Georgia residents in the thick of estate planning are probably familiar with the term “life estate.” It refers to any property that you’d own and use for the entirety of your life that’s jointly owned with someone else.
The person who owns the property – the life tenant – will stay there for the remainder of their days. When they eventually pass, it would transfer to the other person listed in the life estate.
What pieces of property can be considered for life estates?
Life estates are mostly used in reference to homes, but it can also refer to other types of property. Life insurance property, retirement accounts, cars – all can hypothetically be put a life estate.
Regardless of the property type, life estates come with certain terms and conditions. The life tenant can’t sell the property without the agreement of the other owner in the estate – known as the remainderman.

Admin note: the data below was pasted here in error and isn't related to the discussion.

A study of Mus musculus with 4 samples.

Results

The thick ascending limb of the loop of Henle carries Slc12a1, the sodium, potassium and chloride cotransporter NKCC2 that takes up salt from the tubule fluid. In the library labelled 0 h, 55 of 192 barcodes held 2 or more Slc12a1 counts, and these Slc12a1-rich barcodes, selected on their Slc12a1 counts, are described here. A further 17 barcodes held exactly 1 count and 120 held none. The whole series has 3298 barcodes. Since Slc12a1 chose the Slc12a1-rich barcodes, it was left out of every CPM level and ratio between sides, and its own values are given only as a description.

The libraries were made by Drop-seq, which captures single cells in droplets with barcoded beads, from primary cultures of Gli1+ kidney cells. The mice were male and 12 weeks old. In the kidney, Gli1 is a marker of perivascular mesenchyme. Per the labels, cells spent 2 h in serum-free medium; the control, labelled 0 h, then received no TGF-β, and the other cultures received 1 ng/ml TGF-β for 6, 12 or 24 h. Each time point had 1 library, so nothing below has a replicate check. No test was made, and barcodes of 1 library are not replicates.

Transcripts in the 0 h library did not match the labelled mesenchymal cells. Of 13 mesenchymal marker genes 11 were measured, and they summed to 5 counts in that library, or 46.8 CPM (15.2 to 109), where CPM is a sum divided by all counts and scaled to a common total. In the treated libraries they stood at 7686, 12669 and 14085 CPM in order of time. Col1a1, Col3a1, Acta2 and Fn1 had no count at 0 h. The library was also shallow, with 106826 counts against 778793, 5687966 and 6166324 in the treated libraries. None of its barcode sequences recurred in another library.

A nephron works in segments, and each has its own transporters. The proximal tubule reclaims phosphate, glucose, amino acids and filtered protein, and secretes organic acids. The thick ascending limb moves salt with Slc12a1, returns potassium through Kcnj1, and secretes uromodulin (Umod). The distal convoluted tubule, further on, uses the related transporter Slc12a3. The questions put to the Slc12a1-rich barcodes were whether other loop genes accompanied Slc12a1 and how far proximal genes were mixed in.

If you do sell the property, the remainderman has the right to ask for part of the proceeds. A special type of life estate must be created in order to get around this.
You’ll need to create a life estate deed with the help of an attorney and the person you intend to be your remainderman. From there, you must file the deed with the county court.
Pros and cons of a life estate
There are some downsides to a life estate. The home isn’t considered an asset of your estate if you put it into a life estate, and it also makes the life tenant liable for legal issues that the remainderman might get into.
Many people look into creating life estates to easily transfer large pieces of property, such as the family home, without it having to go through probate. A living trust or a transfer-on-death deed can also accomplish this same thing. It’s important to thoroughly research all of your options before making a decision.